A Transformation For Main Street

“We had over 330 responses from the online survey, and we are really proud of that number. We hope the community will come out and participate in the public presentation aspect of the project as well because the more participation we have the better!” - Jonathan Irick, Executive Director of Main Street Laurens

THIS EVENING: LAURENS TO TAKE PART IN NATIONAL PROGRAM TO TRANSFORM HISTORIC DOWNTOWN

 

Laurens – The National Main Street Center has announced that the Main Street program in Laurens will take part in national program to bring renewed economic prosperity to the community. 

Through a combination of community engagement, market analysis, and organizational positioning, Laurens will establish a series of key, market-driven transformation strategies designed to elevate and focus the community’s resources and capacity on building a sustainable competitive advantage within the downtown.  

Main Street Laurens and the National Main Street Center invite the public to a presentation this Wednesday, August 14, from 6:30 to 8 p.m. at the Laurens County Museum’s Witherspoon building located on South Public Square. 

At this meeting Kathy La Plante, Senior Program Officer and Director of Coordinating Program Services will present the results of the recent online survey conducted in advance of the meeting as well as an overview of the process and what the end results will be. 

“We had over 330 responses from the online survey, and we are really proud of that number,” said Jonathan Irick, Executive Director of Main Street Laurens. “ We hope the community will come out and participate in the public presentation aspect of the project as well because the more participation we have the better!”

“Main Street Laurens is an advanced local program with strong leadership and momentum. It is fitting that they pilot this launch in South Carolina,” said Jenny Boulware, Manager of Main Street SC, the state coordinating program. 

A solid, market driven workplan is a great tool for Main Street Laurens to have in their effort to revitalize downtown.  “When the National Main Street Center announced the new Transformation Strategies, we were eager to learn how we could implement them here in Laurens,” Irick said. “Our organization and board of directors is honored to be the pilot program for South Carolina and look forward to sharing the process with the community other programs.”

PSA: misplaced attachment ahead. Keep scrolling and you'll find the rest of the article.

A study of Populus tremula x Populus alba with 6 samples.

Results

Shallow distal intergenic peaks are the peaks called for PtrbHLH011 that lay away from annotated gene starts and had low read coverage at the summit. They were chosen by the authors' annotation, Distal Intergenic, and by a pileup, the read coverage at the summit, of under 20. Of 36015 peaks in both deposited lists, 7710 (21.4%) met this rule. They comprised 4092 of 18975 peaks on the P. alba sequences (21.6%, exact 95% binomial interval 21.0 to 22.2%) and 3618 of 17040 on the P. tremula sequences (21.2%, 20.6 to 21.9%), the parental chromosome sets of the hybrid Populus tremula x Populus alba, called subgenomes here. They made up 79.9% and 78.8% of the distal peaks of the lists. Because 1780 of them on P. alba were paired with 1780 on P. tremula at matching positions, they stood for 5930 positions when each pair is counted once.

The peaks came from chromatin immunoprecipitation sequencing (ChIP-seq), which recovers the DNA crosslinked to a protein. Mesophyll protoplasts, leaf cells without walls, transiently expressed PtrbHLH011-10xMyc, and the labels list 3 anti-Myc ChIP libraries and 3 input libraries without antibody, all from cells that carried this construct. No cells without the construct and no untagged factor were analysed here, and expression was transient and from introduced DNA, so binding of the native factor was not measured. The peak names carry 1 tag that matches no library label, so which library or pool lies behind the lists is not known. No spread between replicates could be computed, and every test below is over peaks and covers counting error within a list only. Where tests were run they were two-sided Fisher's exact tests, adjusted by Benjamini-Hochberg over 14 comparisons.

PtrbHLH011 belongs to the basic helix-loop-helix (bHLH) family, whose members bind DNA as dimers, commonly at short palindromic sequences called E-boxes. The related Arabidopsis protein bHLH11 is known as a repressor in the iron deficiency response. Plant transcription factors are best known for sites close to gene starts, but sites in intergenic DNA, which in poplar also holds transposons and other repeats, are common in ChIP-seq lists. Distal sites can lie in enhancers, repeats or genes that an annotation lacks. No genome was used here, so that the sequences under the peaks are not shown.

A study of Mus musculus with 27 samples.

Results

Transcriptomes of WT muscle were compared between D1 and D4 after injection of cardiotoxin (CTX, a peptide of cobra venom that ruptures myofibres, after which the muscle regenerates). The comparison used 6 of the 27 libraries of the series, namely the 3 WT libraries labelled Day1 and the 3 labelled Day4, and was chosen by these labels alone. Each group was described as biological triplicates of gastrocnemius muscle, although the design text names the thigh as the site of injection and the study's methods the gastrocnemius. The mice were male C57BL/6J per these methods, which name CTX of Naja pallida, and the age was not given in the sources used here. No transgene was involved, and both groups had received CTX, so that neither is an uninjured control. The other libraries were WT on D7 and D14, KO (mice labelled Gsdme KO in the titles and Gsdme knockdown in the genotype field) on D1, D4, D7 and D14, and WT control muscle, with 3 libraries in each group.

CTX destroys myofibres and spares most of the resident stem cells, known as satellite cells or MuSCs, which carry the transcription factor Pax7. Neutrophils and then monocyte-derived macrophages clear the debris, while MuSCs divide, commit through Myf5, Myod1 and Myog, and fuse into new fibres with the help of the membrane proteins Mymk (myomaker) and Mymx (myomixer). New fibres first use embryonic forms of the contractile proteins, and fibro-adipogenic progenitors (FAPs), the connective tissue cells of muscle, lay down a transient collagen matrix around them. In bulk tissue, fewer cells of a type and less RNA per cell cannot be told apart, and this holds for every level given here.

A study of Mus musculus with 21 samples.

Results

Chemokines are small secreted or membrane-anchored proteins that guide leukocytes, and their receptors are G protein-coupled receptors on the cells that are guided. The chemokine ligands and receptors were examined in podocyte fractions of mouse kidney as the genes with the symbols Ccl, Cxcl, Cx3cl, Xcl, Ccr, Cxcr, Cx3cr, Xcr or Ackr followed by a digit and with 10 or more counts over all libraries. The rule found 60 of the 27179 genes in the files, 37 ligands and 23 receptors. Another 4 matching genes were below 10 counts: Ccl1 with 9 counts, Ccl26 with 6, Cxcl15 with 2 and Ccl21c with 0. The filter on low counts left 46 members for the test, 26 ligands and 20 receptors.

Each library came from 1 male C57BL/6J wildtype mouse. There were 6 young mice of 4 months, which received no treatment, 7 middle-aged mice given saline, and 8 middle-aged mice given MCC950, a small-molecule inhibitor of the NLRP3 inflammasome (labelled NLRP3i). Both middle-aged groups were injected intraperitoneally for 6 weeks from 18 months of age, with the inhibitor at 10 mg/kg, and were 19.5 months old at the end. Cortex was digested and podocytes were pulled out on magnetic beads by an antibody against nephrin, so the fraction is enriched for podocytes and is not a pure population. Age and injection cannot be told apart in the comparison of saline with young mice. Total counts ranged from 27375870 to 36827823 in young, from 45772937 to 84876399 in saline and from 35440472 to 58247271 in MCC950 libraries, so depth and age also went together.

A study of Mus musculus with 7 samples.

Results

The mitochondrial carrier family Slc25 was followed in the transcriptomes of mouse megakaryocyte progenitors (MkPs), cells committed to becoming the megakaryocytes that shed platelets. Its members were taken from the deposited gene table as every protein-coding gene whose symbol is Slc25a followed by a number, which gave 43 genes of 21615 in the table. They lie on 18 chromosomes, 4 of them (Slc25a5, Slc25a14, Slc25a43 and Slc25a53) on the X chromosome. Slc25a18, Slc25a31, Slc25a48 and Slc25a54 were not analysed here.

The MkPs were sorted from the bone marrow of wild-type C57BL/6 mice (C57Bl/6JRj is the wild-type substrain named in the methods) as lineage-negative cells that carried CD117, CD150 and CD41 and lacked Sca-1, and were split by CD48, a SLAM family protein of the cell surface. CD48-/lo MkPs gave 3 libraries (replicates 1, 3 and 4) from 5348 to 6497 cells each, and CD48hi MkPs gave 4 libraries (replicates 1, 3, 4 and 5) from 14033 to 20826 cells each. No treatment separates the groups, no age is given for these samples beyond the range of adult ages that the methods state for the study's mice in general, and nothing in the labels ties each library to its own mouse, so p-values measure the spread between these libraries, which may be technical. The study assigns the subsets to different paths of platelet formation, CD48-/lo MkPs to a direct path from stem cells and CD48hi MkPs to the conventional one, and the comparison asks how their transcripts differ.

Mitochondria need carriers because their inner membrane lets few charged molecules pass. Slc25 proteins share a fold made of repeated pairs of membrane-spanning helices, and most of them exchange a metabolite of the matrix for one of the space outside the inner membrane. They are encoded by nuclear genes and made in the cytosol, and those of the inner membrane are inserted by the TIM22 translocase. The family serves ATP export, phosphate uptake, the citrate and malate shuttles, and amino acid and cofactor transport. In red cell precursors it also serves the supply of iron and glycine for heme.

“We are pleased to have Laurens to be the first South Carolina city to participate in this program to implement the new Main Street Approach,” said Matt Wagner, Vice-President of the National Main Street Center. 

“It’s important that organizations such as Main Street Laurens can position themselves to be more market-driven, and tackle the hard work of downtown revitalization. The refreshed Main Street Approach reinforces the value of community engagement and investment, fosters an increased understanding of existing market conditions, and promotes strategy and result-driven focus for the successful transformation of downtowns and urban commercial districts.

Main Street Laurens is a 501 c3 non-non-profit organization working to promote, improve and preserve the unique character and economic vitality of downtown Laurens. The organization was formed in 1996 and as part of the Main Street South Carolina network has worked tirelessly with community partners and hundreds of volunteers to revitalize the downtown district. In 2018 alone, Main Street Laurens reported 29 new jobs created by their member businesses and over 2800 hours of service from volunteers. Main Street Laurens uses the Main Street Four Point Approach for revitalizing the downtown district which includes work in Promotion, Design, Economic Vitality, and Organization. For more information about the work of Main Street Laurens, contact Jonathan Irick at (864) 984-2119, visit the Main Street Laurens website, www.mainstreetlaurens.org  and follow them on Facebook and Instagram.

 

 

About the National Main Street Center The National Main Street Center has been helping revitalize older and historic commercial districts for more than 35 years. Today, its Main Street America network of more than 1,600 neighborhoods and communities, rural and urban, share both a commitment to place and to building stronger communities through preservation-based economic development. The organization is a non-profit subsidiary of the National Trust for Historic Preservation.